New online course: Driving Business Towards The SDGs
Is sustainable development relevant for every business? For example, can every kind of business or organisation do something to counter climate change, or help to create a global culture for sustainable development? A new massive open online course (MOOC) from Rotterdam School of Management, Erasmus University (RSM) focuses on the role of businesses in achieving the United Nations’ Sustainable Development Goals (SDGs), and is presented by academics in business and management, while many leaders of international companies contribute by sharing how their organisation incorporates the SDGs in their strategy. The seven-week course is for people who want to start to create a culture of sustainable business, and explores how businesses can contribute to a better future for people AND the planet without giving up profits. Driving Business Towards The SDGs is available now via the Coursera platform.
Business as a force for positive change
The course is suitable for anyone interested in knowing more about how business can be a force for positive change. Participants follow a schedule of videos, readings, personal reflection, peer reviews, quizzes and weekly ‘hummingbird’ challenges to gain a better understanding of the relevance of the SDGs and how to bring about positive change, either as an individual or as part of an organisation. The course takes place over seven weeks, each week focusing on several aspects of sustainable development and with a workload of about two to four hours per week.
RSM’s director of positive change, Eva Rood said: “We aim to empower participants with a mentality for making a difference; for them to realise that transformative change starts with the power of one. And of course after that, it’s not only about an individual making a difference but also finding others who can scale-up the impact and accelerate the transformation.”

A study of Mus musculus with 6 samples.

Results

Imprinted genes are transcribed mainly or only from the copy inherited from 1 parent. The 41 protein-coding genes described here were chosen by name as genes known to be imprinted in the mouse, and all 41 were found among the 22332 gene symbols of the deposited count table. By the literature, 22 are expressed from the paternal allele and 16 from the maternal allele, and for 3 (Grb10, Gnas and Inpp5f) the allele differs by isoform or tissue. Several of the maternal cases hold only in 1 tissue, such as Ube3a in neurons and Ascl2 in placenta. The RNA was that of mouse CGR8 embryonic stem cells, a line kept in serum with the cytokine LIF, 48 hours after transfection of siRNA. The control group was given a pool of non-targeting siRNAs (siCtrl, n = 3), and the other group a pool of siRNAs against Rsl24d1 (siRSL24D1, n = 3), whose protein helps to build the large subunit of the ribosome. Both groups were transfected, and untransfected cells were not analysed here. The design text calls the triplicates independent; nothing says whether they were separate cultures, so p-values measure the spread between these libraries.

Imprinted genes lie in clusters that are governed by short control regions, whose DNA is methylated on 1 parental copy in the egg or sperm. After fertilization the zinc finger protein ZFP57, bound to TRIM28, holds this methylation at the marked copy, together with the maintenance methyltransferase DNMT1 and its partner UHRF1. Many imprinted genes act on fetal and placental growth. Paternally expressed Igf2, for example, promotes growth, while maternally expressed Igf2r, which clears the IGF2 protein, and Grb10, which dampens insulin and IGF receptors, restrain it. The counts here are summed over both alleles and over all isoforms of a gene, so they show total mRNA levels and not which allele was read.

In each of the seven weeks, different SDGs are addressed, and an explanation is provided of how the SDGs are interconnected. The course materials guide participants to understand what is necessary for businesses and organisations to implement strategies that help to achieve the SDGs for positive impact on the business or on society.
SDGs and profit ‘not mutually exclusive’
“While many organisations have already adopted the SDGs, implementing them effectively to achieve impact is a different question,” says Prof. Rob van Tulder of RSM’s department of business-society management. This new MOOC explains what the SDGs mean, how they can unlock business potential, and how they can be combined with a for-profit business model that delivers multiple values, such as natural and social capital. The MOOC also emphasises the necessity of partnerships and cross-sector collaboration.
Guidance for opportunities
Over the course of seven weeks, participants are guided by RSM’s academics to discover how the SDGs can become an opportunity rather than a challenge, and why and how individuals should contribute to positive change. Examples are illustrated by leaders from a variety of businesses – from multinationals to start-ups and scale-ups.
Participants will explore partnerships and learn how sharing knowledge can help to create impact, scale up ideas and initiatives, and change perceptions to make transformation possible They discover systems thinking, ways to reduce carbon footprints, the interconnectedness of the SDGs, and mitigating negative impact.
This MOOC addresses each of the 17 SDGs and the issues they relate to. Towards the conclusion of the course, the focus is on critical thinking to encourage participants to think about what they can do.
SDGs as core strategy
RSM has also made a series of over 70 videos that everyone can watch, showing examples of how business knowledge can contribute to the SDGs and how organisations that have adopted the SDGs into their core strategy bring lasting positive change.
Contributions from RSM faculty members include Prof. Rob van Tulder; Prof. Dirk Schoenmaker; Dr Steve Kennedy; Dr Frank Wijen; Prof Cees van Dam; Dr Marta Szymanowska; Prof. Erik van Raaij; Dr Yashar Ghiassi-Farrokhfal; Dr Tobias Brandt; Prof. Michaéla Schippers; Prof. Dianne Bevelander; Prof. René de Koster; Dr Ferdinand Jaspers; Dr Anne-Kathrin Klesse; Prof. Gabriele Jacobs; Dr Ying Zhang, Prof. Steef van de Velde, Marieke de Wal and Dr Amanda Williams.
Rotterdam School of Management, Erasmus University (RSM) is one of Europe’s top 10 business schools. RSM provides ground-breaking research and education furthering excellence in all aspects of management and is based in the international port city of Rotterdam – a vital nexus of business, logistics and trade. RSM’s primary focus is on developing business leaders with international careers who can become a force for positive change by carrying their innovative mindset into a sustainable future. Our first-class range of bachelor, master, MBA, PhD and executive programmes encourage them to become critical, creative, caring and collaborative thinkers and doers. Study information and activities for future students, executives and alumni are also organised from the RSM office in Chengdu, China. www.rsm.nl
For more information about RSM or this release, please contact Marianne Schouten, communications manager for RSM, on +31 10 408 2877 or by email at firstname.lastname@example.org.